April 14, 2005
Copyright © 2005 CARIBBEAN BUSINESS. All Rights Reserved.

He was beyond all doubt the greatest spiritual leader of the 20th century. His death has been mourned around the globe by leaders and people of all persuasions. He was to all the world a father. He traveled 1,000,000 kilometers–29 times around the world–to meet his children who flocked to his side as to no other’s. He took a stand wherever he went with courage and determination. He stood for freedom and denounced communism and dictators. His voice was strong against unbridled capitalism and against all forms of injustice, violence, and war.

He reached out to youth in all his travels, and the young felt specially touched by him. Thousands of them were in St. Peter’s Square the night he died. His last message was addressed to them. In the morning of that fateful Saturday, he expressed "I have looked for you, now you come to me, and I give you my gratitude." That night the youth and the crowd of 100,000 in St. Peter’s Square prayed to the Virgin for the Pope, "Holy Mary, mother of God, pray for us sinners, now and at the hour of our death." As they said, "Amen," he faded away into eternity. I met him on two occasions. Both were brief encounters, one here in San Juan, the other in Rome. What I remember from those opportunities I had of being close to him is his envolving presence. He would look at you with those blue eyes as if you were the only person in the world. His look was full of love, and it penetrated deep in your heart. You would always remember that moment. Not what he said to you but how you felt in his presence.

John Paul II left a treasure of legacies to the Catholic church, to Christendom, and to the world. He also left behind controversy as to his stand on the Latin American theology of liberation, on methods of contraception vis-à-vis AIDS prevention, and on other sensitive issues. We cannot demand perfection from any man. We cannot pretend for him to please us in every way. But in reviewing his life, we should not let our dislikes obscure the magnitude of his accomplishments and the richness of his legacy. One can pick and choose within this rich treasure to find what he or she likes the best or deems the most important. Each one of us will have his favorite, and that is how it should be.

For me, his most important legacy is apostolic. He spread the gospel, he took the good news about Christ to all corners of the world. He did so, not merely preaching about Christ, and preaching he did, but by personally living the life of Christ, as in his unflinching commitment to the truth–abortion, thou shall not kill–his courage to take a stand–Iraq and peace–or by bearing suffering for love of mission with fortitude and humility. These, and so many acts of John Paul II, gave his message a coherence that engendered faith in those whom he touched.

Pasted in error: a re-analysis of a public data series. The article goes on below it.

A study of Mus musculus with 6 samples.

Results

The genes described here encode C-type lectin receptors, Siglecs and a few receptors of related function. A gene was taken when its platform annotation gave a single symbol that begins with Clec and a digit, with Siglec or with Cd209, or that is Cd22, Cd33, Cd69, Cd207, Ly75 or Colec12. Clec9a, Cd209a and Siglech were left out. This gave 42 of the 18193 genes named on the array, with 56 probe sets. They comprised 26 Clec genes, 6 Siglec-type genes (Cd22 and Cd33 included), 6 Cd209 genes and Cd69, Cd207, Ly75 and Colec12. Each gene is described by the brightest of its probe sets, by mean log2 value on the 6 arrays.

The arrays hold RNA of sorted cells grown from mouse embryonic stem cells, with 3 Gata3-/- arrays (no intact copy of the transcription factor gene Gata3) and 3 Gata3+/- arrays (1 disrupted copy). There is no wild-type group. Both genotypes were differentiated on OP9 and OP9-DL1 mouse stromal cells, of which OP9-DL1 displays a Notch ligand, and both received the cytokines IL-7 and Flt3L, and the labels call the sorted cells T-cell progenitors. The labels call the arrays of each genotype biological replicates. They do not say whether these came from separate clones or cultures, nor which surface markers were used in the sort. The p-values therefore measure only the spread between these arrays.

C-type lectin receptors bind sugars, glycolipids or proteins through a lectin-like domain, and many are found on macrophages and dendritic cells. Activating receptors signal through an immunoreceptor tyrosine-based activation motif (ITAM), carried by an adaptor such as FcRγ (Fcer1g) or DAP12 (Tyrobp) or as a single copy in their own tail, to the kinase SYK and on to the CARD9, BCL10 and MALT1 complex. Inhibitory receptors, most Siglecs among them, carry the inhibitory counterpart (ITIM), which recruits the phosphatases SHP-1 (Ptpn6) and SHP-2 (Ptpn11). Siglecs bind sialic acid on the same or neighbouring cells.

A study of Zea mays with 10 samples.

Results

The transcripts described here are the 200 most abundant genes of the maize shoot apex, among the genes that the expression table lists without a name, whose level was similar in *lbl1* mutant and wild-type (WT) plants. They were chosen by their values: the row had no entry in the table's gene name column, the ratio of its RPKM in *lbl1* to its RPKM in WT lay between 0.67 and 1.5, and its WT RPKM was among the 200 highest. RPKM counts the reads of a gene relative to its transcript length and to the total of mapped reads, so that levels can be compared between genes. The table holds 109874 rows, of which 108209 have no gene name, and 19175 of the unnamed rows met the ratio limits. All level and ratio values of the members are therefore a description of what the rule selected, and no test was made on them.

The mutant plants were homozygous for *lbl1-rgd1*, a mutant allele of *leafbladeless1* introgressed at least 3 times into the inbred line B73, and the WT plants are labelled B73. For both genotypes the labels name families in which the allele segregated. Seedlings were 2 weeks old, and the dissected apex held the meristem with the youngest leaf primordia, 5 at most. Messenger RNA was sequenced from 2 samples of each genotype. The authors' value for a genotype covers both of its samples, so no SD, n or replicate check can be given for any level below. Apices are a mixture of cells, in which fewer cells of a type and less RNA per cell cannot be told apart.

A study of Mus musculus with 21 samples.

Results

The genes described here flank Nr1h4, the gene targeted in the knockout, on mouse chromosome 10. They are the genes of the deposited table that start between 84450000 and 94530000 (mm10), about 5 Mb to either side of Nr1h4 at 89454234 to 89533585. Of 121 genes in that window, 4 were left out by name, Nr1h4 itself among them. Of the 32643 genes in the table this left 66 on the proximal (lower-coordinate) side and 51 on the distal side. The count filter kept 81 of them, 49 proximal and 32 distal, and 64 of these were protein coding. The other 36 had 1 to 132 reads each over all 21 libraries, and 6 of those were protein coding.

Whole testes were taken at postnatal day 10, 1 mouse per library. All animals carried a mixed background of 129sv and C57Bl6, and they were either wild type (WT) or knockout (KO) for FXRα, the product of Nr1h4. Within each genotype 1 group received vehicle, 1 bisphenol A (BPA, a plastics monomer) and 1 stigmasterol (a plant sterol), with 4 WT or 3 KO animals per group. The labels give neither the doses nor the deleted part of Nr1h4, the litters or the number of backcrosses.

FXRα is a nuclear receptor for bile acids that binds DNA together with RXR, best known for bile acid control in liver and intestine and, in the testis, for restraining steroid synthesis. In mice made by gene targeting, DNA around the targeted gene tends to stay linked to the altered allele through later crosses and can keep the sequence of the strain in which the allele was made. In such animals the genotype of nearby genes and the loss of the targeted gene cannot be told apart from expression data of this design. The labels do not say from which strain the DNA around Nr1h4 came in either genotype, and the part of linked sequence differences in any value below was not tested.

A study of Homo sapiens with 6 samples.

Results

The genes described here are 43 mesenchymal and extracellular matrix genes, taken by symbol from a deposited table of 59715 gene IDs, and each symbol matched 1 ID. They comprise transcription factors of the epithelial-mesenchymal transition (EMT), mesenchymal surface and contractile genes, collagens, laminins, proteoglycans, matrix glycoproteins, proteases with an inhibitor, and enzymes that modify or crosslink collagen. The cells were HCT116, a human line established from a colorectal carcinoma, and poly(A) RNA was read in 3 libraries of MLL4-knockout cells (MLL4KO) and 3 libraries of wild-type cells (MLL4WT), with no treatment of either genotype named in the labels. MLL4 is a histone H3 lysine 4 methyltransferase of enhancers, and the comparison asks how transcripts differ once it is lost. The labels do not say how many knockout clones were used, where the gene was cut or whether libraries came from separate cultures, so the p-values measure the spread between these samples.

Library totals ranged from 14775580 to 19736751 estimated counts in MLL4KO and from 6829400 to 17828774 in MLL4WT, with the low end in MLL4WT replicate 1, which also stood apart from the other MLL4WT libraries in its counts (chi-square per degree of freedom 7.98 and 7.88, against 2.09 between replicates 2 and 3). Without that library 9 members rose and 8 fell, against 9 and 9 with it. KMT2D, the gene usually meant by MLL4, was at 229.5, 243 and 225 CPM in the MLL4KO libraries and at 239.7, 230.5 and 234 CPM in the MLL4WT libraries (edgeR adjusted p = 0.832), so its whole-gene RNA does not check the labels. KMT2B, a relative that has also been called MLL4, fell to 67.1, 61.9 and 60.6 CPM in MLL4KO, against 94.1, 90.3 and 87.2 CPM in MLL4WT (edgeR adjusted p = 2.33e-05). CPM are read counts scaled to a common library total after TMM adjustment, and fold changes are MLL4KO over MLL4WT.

This coherence attracted youth from all over the world to his side. He spoke clearly to them about life in Christ, which is not easy. He did not cater to the soft morality with which many seek to bring youth to Christ. He took his stand firmly but lovingly. He challenged youth to raise their standards and values to those of the man from Galilee. And they responded, because youth has a perception for truth and a need for purpose. They know in their hearts what is false and what is true. They follow instinctively those whose actions are coherent with their messages. This is why they flocked to his side in Rome and wherever he went.

Fruitful reflection on his life, on his death, on his legacy requires each of us to seriously consider what he was all about. He was about Christ. He was all about faith in Christ. He was all about maintaining that faith and spreading that faith. Faith is a gift from God. John Paul II received it in abundance. He set out to share it with others in the world. He communicated it by intellectual persuasion through his encyclicals or books, through emotion in the poetry he wrote, through vigorous contact with nature when we saw him skiing in solitude, but most of all through the vibrations of his heart, which touched our hearts whenever we saw him in prayer, meditation, or in suffering.

Reflecting on John Paul II is reflecting about faith in Christ. This is the most critical matter in our lives. Who was Jesus? Do I believe in Him? This is the question that John Paul II has left behind for each of us to answer. "I am the way, I am the truth, I am life," said Jesus.

This is quite a statement. Before the audacity of such a statement, we cannot remain silent. It requires from us a response: either He is a madman, or He is what He says He is, the Son of God. Who is this man? John Paul II spent his life in order so that we could answer this question. He communicated the gospel, the truth about Jesus, through encyclicals, homilies, speeches, letters, and books. He employed the language of symbols as when he kissed the good earth upon arrival in Puerto Rico as he did on arrival in every country. He communicated through gestures, which expressed the pain he bore and the love with which he carried that pain.

Who was Jesus? This is the primal question for each of us. The path we take at the end of our days depends on the answer we give. Is it a beginning? Or is it the end?

Rafael Hernández Colón is a three-term (12-year) former governor of Puerto Rico (1973-76 and 1985-92). He had earlier served as secretary of Justice (1965-67) and as president of the Senate (1969-72). He was president of the Popular Democratic Party for 19 years.

This Caribbean Business article appears courtesy of Casiano Communications.